When is the right time to write about Penang?
After is when.
After the initial fascination that magnifies the slightest of contrasts into exotic singularities has worn off. After overcoming the shock of being surrounded by people speaking my language, of having to watch what I say; of not looking too out of place in a large gathering of people not discussing immigration issues. After the joy of seeing an Indian restaurant at every street corner has been washed away by the watery sambar, after realizing that tea with condensed milk is not such a great idea.
Now is when. But what?
Surely not the architectural dichotomy of George Town, fostered by arcane rent control laws. Through which the massive, utterly characterless Komtar sits right next to the modern Prangin Mall, and seedy, unpainted establishments occupy most of downtown. Nothing we haven’t seen before, right? Even though blind massages aren’t exactly the norm in most places.
Not the Odeon theater, that burly begrimed behemoth, the last man standing in an ocean of multiplexes. We went to school at Salem, remember? The city of Sangeeth and Gowri and Rathna and great memories. Can’t come close, the Odeon.
So Chowrasta it has to be.
A few blocks down the street from the ubiquitous Komtar is a nondescript market called the Chowrasta Bazaar. There is enough traffic on the street to make trying to get a picture of the facade hard, and the traffic is unruly enough to make trying to get a picture of the facade hazardous.
If one wades through the Ice Kacang vendors who glare nastily at camera sporting semi-tourists, up the flight of bright red painted stairs, through the Malayalee clothing stores; taking care to avoid going down the other flight of stairs – also red, but not as bright – one ends up at a dark corridor lit by naked fluorescent lights.
Cut through the corridor, and there they are: Books. Stuffed between shelves, strewn on the floor; in old Marie biscuit boxes and out of them; well kept and ill kept; Roth and Bellow, Tagore and Rowling; collections of tomes bound by rope; pieces of a single shattered tome spread around the store. And a couple of antique clocks keeping watch.
Chowrasta houses among the better stocked used book stores I’ve come across.
I went in there again last week, and – still not used to speaking in Tamil with strangers – kicked things off with a “Hello!” to Anwar and a friend of his who run the first store along the corridor. Like Anwar, most of the storeowners here are Tamil; and Anwar says that he entered the business for the love of books. Hmm.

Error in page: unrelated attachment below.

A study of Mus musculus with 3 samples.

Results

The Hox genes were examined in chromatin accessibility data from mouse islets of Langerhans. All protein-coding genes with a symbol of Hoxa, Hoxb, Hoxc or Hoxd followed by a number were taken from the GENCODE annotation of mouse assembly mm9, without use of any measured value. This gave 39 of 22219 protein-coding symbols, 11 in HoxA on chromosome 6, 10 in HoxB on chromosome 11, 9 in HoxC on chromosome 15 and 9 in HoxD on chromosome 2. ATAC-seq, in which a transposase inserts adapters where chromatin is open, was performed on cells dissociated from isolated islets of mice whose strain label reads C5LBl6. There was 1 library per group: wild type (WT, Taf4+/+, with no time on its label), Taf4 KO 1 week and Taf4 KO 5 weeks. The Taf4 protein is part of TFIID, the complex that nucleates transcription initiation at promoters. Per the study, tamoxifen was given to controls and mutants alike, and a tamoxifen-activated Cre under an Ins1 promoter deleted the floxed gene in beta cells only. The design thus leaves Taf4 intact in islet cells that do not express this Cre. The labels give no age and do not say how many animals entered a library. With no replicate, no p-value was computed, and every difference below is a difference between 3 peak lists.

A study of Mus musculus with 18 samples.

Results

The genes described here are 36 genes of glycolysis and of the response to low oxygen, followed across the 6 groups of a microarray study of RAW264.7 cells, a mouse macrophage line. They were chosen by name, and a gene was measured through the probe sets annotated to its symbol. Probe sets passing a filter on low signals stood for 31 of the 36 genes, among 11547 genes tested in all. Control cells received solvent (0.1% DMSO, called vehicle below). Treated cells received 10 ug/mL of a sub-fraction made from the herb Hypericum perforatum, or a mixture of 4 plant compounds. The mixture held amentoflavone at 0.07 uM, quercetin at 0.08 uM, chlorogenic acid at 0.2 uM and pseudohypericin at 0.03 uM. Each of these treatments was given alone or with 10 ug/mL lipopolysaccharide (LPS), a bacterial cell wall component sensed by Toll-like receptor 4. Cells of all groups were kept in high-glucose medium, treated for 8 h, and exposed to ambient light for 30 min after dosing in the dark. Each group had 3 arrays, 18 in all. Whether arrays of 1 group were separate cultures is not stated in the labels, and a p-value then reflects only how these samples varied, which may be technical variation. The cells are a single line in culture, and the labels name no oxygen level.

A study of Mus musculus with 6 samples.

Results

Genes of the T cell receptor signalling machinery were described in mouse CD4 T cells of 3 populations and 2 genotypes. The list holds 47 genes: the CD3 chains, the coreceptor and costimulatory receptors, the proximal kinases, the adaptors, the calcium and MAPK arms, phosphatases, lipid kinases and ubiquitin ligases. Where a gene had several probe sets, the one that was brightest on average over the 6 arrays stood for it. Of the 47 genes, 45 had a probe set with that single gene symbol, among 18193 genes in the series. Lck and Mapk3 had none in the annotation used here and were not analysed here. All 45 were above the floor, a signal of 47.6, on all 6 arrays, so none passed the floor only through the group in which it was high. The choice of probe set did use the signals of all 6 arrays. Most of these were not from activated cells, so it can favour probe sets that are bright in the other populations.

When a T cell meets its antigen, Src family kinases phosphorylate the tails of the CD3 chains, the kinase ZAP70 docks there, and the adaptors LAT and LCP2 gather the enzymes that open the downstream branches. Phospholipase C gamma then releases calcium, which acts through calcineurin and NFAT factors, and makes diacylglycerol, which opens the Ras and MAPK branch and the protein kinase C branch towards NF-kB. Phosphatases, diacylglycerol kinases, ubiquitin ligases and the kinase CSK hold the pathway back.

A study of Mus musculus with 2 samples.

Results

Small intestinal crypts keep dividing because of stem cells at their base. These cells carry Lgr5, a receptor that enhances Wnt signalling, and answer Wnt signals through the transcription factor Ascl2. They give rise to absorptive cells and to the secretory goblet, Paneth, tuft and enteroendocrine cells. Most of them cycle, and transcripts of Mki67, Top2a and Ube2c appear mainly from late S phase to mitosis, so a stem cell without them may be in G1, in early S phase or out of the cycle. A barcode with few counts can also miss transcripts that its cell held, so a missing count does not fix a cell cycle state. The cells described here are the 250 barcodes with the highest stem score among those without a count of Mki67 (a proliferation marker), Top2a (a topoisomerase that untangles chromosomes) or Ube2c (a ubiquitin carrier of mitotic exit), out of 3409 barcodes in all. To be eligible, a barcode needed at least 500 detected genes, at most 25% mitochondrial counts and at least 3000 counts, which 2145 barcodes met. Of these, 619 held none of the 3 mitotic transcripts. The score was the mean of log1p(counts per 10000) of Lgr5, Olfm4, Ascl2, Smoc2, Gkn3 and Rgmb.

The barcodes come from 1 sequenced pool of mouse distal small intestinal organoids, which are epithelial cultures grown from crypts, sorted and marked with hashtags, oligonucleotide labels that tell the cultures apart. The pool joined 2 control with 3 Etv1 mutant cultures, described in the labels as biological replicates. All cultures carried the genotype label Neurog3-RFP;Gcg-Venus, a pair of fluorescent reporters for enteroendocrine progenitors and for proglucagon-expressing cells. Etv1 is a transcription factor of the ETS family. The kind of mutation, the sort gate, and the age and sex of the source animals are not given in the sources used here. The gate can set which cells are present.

He is polite enough as he escorts me into the store, trying not to show his bemusement at my unusual requests in English: “Only hardcovers, no textbooks, only fiction, only English.” And in anticipation of the fawning old man I encountered on the last visit, “I will pick the books out myself and ask you if I need help.”
Anwar’s little room is packed with books, packed enough that walking through it without stepping into a pile of books almost impossible unless you are Anwar.
Minutes pass on Anwar’s collection of antique clocks (or not. They might’ve been broken). And I navigate through the maze, looking for something non-Brown, non-Rowling(with all due respect to my co-author), not torn, non ketchuped.
And minutes pass on Anwar’s collection of antique clocks, as he waits for me outside the store. A bored Anwar finally decides to chat with his friend, in Tamil.
“Where is he?” the buddy asks Anwar.
“Who knows. The jerk has been in there for a while.”
“Maybe he is looking.”
“You think? You think he is looking for items?”
Anwar then brings me his fetching collection of items. Some with pictures, most with text. A few familiar ones – Charles Devereaux, and a few of the usual anonymous suspects, but the rest don’t ring any bells. I look, then avert, then refuse, and then present what I had collected so far to him. A first edition Bellow, a Proulx, Stephen Fry, a old Hobbit that’s still intact. A Bagley, and a Camus, and ask him to price them.
Anwar is still talking to his friend as he prices my books.
“Wonder why he said no. Should I try again?”
“No lah. He doesn’t look like he’ll spend the money.”
And then Anwar gets back to me: 200 Ringgits is his price, a great price for the twenty odd books I had picked. I pay him the money, and take leave. “Thanks. You got a good store. I will come back sometime later.”
I said that in Tamil. And Anwar gives me a hundred Ringgits back.